The first thing that strikes you in All about Eve are the similarities to another black and white classic, Sunset Boulevard. Like Boulevard, there’s a star who can’t let go of her stardom; a less extravagant and much more realistic star, but a personality with her fair share of tantrums. Also, like Billy Wilder‘s film, Joseph L. Mankiewicz‘s All About Eve begins with a voice-over. The difference, his character is still breathing.
Director Joseph L. Mankiewicz’s 1950s film shows the world of New York theater in all of its glory. The A-list clubs, and the night long parties; replete with characters like the Russian-accented producer, Max Fabian (Gregory Ratoff) and the starlet Miss Casswell (Marilyn Monroe) – who wants to make it big – dangling from the arm of an industry insider journo, Addison DeWitt (George Sanders). DeWitt is the perfect nosy journalist. The story begins as he recounts the rise of Eve Harrington (Anne Baxter), a mousy fan who deceives the great theater personality Ms. Channing. She gains her trust and slowly gains access to her inner circle before turning into her understudy and later her rival.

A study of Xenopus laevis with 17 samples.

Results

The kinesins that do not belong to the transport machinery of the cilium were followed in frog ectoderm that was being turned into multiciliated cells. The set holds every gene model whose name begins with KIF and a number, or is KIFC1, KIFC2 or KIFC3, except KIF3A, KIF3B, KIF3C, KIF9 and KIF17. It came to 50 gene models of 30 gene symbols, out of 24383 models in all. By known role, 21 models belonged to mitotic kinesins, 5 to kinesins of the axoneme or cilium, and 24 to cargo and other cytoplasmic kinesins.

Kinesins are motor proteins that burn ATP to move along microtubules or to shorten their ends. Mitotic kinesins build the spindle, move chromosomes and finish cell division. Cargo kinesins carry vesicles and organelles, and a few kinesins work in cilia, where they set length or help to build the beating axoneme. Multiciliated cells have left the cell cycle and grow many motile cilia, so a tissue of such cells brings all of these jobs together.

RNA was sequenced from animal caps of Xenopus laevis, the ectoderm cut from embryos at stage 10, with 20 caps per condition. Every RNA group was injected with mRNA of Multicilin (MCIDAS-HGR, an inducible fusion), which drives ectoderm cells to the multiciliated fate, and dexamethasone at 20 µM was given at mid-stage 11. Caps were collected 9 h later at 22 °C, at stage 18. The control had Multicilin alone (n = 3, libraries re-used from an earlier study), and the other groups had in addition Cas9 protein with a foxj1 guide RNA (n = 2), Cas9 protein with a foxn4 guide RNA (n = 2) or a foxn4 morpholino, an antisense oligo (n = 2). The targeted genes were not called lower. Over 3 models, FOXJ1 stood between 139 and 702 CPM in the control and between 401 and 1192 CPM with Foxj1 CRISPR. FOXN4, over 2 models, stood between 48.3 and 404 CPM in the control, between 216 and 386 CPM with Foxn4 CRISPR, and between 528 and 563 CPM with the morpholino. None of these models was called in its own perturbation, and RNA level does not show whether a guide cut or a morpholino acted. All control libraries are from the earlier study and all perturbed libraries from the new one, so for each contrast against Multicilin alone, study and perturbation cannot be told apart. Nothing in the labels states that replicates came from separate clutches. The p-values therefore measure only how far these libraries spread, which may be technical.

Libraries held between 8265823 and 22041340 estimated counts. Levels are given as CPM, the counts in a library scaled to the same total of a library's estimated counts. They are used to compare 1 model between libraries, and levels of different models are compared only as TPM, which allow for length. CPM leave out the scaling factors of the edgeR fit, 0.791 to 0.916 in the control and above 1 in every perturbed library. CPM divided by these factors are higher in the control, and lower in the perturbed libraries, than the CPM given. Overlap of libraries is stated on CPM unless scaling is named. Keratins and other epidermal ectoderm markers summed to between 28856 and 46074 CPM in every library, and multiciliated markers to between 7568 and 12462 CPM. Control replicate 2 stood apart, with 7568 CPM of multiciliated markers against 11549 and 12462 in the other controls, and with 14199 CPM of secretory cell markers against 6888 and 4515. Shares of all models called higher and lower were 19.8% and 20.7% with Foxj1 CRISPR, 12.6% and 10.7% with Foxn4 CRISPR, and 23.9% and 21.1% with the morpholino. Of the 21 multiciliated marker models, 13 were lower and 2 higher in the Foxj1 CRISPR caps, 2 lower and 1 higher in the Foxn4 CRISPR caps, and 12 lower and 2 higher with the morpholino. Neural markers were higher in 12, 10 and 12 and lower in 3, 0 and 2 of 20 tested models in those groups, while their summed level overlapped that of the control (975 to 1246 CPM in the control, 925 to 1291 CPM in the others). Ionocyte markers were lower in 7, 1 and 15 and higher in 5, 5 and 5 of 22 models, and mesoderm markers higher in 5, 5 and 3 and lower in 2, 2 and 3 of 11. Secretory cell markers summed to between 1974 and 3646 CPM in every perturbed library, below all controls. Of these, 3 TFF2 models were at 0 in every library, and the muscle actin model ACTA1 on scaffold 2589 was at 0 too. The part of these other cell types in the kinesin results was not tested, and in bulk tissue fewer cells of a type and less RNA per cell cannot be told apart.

Bette Davis as Margo Channing delivers what is considered to be one of her best performances. As the eccentric and pique-ish Margo, she is what every star is, as they age – full of outbursts and paranoia. Her performance is stunning and the transition from a star to an ordinary person is both believable and realistic. Lloyd Richards (Hugh Marlowe) the talented playwright, Karen Richards (Celeste Holm) the supportive friend, and Bill Sampson (Gary Merrill) her companion and play director, form Margo’s inner circle. They deliver good performances. What touches is their loyalty to their friend and their naivety. Eve Harrington dupes everyone with her act and gains access to her dreams, her dreams of making it big. Anne Baxter is superlative as the girl who is willing to do everything and knows how to. She tricks people into believing her but at last meets her match in the ruthless journalist who eventually sees through her facade and calls her bluff.
Although Sunset Boulevard is considered a better film, All About Eve does an equally brilliant job. It is a must watch, a great way to know that people have different shades and not all is revealed in the first meeting.